Wendy-Jane Stone (“Stone”) appealed the summary judgment granted in favor of Life Time Fitness (“Life Time”) in a negligence and Premises Liability Act (“PLA”) claim arising out of injuries Stone sustained at the gym. The issue on appeal is whether the district court correctly ruled that Stone’s claims were barred based on assumption of risk language contained in the agreement she signed when she became a member of Life Time.

Stone was a member of Life Time fitness club. She was hurt in the women’s locker room; she washed her hands at a sink and then turned to leave when she tripped on the blow dryer cord that was hanging to the floor under the sink. She caught her foot in the cord and fell to the ground, fracturing her ankle. Stone alleged that allowing the blow dryer cord to hang below the sink counter constituted a trip hazard and a dangerous condition and that, by allowing the condition to exist, Life Time failed to exercise reasonable care. She asserted a general negligence claim and a claim under Colorado’s PLA.

Life Time moved for summary judgment, saying Stone signed an agreement when she joined Life Time that released them from liability. Life Time argued that the agreement was valid and enforceable, that it expressly covered the type and of injuries, and that it therefore barred Stone’s claims as a matter of law. The district court agreed and granted Life Time summary judgment.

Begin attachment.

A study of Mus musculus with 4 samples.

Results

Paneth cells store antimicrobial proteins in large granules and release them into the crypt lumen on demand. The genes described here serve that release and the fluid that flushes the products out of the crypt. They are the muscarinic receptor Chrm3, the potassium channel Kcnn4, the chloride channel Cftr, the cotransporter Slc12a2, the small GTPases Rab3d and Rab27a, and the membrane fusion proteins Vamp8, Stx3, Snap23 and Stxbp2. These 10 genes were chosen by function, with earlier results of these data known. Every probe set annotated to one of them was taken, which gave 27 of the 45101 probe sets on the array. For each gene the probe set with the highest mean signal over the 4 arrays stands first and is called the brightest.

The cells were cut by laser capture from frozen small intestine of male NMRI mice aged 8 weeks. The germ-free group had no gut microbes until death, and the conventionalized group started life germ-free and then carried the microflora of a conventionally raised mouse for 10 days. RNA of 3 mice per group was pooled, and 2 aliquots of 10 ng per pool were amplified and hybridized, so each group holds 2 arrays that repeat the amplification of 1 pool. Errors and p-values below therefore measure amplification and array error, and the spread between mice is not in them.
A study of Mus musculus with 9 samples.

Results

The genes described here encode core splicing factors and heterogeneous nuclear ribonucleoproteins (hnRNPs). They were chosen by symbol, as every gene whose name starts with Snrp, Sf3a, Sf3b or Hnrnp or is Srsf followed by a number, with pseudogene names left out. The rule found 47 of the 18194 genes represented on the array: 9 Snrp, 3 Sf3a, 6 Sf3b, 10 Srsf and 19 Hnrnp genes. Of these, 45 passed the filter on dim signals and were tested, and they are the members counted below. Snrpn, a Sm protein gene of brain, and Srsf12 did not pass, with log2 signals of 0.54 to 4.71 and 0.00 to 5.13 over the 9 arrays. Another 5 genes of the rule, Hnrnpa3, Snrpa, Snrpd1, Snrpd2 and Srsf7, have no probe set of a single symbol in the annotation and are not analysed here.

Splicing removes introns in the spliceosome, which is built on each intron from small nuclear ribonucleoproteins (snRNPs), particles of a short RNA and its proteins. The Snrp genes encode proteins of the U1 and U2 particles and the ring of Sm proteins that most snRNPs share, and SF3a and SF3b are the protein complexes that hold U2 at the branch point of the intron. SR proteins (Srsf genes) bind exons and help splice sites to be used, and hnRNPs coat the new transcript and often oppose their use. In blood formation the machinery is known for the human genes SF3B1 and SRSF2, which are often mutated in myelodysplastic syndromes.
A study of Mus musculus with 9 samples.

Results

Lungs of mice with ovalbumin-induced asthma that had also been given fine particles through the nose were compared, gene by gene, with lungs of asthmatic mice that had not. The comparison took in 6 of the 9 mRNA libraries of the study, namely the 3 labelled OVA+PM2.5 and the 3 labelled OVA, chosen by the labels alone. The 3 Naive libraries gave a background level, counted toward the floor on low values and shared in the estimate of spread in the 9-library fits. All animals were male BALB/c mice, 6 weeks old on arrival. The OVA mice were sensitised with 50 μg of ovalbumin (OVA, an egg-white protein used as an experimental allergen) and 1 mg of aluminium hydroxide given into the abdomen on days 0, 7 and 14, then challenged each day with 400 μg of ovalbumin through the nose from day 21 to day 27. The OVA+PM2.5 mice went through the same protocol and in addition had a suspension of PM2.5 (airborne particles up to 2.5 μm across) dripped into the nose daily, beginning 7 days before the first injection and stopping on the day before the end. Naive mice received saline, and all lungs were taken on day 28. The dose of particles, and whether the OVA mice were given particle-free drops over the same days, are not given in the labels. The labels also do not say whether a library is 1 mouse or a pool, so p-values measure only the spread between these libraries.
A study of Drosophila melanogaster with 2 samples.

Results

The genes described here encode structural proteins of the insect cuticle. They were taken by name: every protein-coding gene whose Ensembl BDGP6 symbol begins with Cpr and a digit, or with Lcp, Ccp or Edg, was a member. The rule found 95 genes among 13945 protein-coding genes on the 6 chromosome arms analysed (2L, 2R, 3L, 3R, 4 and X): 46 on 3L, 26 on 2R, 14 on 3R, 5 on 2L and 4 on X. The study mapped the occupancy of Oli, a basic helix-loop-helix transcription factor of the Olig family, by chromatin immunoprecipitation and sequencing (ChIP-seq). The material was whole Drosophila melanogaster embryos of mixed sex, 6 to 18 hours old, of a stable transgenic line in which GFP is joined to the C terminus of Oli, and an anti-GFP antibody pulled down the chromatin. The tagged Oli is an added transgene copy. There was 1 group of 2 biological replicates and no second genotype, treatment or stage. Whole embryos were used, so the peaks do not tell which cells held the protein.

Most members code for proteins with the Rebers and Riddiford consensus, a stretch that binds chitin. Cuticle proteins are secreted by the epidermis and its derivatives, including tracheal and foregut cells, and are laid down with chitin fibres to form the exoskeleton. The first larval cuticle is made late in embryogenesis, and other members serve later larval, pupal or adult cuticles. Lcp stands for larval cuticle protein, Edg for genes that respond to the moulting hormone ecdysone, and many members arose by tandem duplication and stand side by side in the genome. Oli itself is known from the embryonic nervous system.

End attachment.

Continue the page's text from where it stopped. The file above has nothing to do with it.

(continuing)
In her appeal, Stone argues that the exculpatory clauses do not clearly apply to her injuries incurred after washing her hands in the women’s locker room. The language applies to injuries that could be sustained on the workout equipment. Determining the validity of an exculpatory agreement is a question of law for the court. After extensive examination of the four factors from a 1981 Colorado Supreme Court case Jones v. Dressel, which determined the validity of an exculpatory agreement, the court agrees with Stone. The judgment on Stone’s negligence claim was affirmed, the judgment on her PLA claim was reversed, and the case was remanded for further proceedings on that claim.

The Metier Law Firm is committed to assisting people with personal injury claims throughout Colorado, Wyoming and Nebraska, and we frequently serve as co-counsel to law firms nationwide. Tom Metier recently secured the largest personal injury verdict in Colorado.